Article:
Assessing Liver Disease
Newcastle University's research into non-alcoholic fatty liver disease (NAFLD) will save lives
Experts at Newcastle University are leading an international research project to tackle non-alcoholic liver disease (NAFLD), which is estimated to affect up to one in three people. The project is looking at new ways to diagnose, risk-stratify and monitor disease severity in those living with NAFLD. NAFLD is strongly linked to conditions such as obesity and type 2 diabetes. It leads to cirrhosis and liver cancer, as well as increasing the risk of heart attacks and stroke. Tackling it is now a major public health challenge in many parts of the world.
"Non-alcoholic fatty liver disease is already the most common underlying cause of liver transplant in the USA," explains Professor Quentin Anstee. "With the obesity epidemic, Europe is very close behind." NAFLD is caused by a build-up of fat in the liver cells, leading to inflammation, scarring of the liver and cirrhosis. This scarring can stop the liver working properly, which is important for detoxifying harmful substances in the body as well as processing nutrients for energy metabolism and making proteins that the body needs.
The €34 million research project, LITMUS (Liver Investigation: Testing Marker Utility in Steatohepatitis), is being co-ordinated by Professor Anstee at Newcastle University, working closely with the lead industry partner, Pfizer Ltd. LITMUS brings together 47 collaborating research partners, including many of the world’s leading international universities and global pharmaceutical companies to develop, validate and qualify better biomarkers for testing NAFLD.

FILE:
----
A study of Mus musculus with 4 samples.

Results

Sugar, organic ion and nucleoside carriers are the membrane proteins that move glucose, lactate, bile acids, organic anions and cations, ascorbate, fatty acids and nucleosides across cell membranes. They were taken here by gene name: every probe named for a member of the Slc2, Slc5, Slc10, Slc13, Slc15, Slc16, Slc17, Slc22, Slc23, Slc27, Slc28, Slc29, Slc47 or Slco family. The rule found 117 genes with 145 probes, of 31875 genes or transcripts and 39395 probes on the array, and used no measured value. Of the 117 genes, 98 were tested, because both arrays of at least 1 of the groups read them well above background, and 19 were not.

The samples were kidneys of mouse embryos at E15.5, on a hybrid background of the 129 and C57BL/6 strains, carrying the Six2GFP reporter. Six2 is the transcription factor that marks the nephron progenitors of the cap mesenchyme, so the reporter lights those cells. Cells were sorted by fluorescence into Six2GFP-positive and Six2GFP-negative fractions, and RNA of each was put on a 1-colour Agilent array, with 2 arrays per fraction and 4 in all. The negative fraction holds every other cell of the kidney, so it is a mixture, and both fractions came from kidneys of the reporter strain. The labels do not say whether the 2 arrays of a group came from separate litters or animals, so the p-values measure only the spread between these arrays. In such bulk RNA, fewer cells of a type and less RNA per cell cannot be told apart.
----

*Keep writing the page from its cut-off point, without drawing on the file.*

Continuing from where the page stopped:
"LITMUS is uniting clinicians and academic experts from centres across Europe with scientists from the leading pharmaceutical companies," says Professor Anstee. "Working together we are developing and validating new highly-accurate blood tests and imaging techniques that can diagnose the severity of liver disease."
A healthy liver should contain little or no fat. By predicting how each patient's disease will progress, it will be possible to monitor changes as they occur. "The availability of better diagnostic tests will help us to target care at an early stage of disease to the people who are going to be most severely affected," explains Professor Anstee. "It will help us develop more effective medical treatments for NAFLD and to run the clinical trials that the regulatory agencies need so that they can licence these medicines to be prescribed by doctors."
Newcastle University’s Vice-Chancellor and President, Professor Chris Day, who is an internationally-leading liver specialist, has been part of the research team. "The project is allowing us to bring together pharma and academia in this way," says Professor Day. "It gives us real hope of making significant advances in the diagnosis and treatment of this increasingly common and often devastating disease."
Professor Quentin Anstee
Professor Quentin Anstee, Project Coordinator for LITMUS, is Professor of Experimental Hepatology in the Institute of Cellular Medicine. A practising clinician, he is also an Honorary Consultant Hepatologist in the Liver Unit at Newcastle's Freeman Hospital.